Spa and Monza extend F1 contracts in a bid to mitigate Covid-19 losses

The Spa-Francorchamps racetrack in Belgium. Image:
The Spa-Francorchamps racetrack in Belgium. Image:

• Spa and Monza extends F1 contracts by one year

• New deals should limit financial impact of Covid-19

• Italian GP to conitnue until 2025

New one-year contract extensions have been signed for both the Italian GP and Belgian GP in a bid to make up for lost revenue due to the coronavirus pandemic.

Already the Hungarian Grand Prix has been handed a new deal which will see them host a race every season until 2027.

And that event, along with the rounds at Spa and Monza, are set to take place behind closed doors this season, meaning a sizeable drop in revenue due to the lost ticket sales. But the one-year contract extensions have been signed to make up for that lost income.

Two rounds in Austria are set to open the season before a visit to the Hungaroring.

Silverstone will then host two rounds, followed by the Spanish Grand Prix before Belgium and Italy complete the initial eight-race European phase of the season which has been released.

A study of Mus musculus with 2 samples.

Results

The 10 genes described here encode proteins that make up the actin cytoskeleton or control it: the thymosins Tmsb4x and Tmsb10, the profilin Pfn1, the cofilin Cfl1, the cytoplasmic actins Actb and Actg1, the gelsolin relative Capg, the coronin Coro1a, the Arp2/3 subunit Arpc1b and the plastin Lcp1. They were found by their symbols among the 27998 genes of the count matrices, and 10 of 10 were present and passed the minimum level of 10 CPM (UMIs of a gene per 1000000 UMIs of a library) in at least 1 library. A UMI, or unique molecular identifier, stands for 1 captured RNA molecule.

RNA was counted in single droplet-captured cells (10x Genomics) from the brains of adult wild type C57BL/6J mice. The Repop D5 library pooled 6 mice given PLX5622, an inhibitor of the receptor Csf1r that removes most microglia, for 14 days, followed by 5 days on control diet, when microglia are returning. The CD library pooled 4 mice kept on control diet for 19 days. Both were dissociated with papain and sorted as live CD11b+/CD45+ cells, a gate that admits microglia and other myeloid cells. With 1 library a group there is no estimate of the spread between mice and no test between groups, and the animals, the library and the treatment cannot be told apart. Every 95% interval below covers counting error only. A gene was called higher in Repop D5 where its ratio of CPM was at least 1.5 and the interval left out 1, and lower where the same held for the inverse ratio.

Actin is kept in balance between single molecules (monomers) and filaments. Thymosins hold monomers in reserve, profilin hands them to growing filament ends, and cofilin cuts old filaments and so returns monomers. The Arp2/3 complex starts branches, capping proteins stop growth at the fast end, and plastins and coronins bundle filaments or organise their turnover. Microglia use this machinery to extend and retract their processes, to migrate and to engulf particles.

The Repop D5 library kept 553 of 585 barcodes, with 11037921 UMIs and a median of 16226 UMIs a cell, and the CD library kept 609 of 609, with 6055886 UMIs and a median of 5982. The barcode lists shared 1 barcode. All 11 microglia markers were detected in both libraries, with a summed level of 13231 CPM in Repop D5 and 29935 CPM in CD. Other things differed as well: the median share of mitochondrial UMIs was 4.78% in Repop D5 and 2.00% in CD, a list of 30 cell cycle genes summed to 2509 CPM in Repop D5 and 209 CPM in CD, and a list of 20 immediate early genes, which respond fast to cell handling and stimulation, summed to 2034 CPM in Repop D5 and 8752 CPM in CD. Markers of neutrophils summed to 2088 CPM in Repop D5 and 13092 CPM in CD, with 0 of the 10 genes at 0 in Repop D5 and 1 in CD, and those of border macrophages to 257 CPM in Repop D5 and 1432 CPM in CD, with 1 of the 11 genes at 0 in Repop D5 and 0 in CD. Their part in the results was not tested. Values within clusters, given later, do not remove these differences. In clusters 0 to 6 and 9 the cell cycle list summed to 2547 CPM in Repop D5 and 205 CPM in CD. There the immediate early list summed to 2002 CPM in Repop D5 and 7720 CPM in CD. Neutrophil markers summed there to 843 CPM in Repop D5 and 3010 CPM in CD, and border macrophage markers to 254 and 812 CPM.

Mitigate financial losses

Vanessa Maes, CEO of Belgium's Spa-Francorchamps race, said this year's race had been put together outside of the existing promoter contract which has now been extended until 2022.

She said: "This new model will allow the Spa-Francorchamps Circuit... to somewhat mitigate the financial effects of this historic crisis."

The Italian Automobile Club (ACI), meanwhile, confirmed that their deal had been extended until 2025.

READ: Sochi open to hosting second F1 race in 2020

Speaking to, F1 managing director Ross Brawn said: "We're not in the business of financially supporting a promoter who's in trouble, but we are in the business of having good partnerships for the long term. So how we arrive at the agreements for the next few years, in some cases some circuits have extended their contract by a year because they've lost this year. That gives them that stability.

"We've been fairly realistic I think in the approach we're taking. The main focus is 'how can we make sure you're here in the future'? But I don't think that involves propping up promoters in the short term. I don't think we can do that."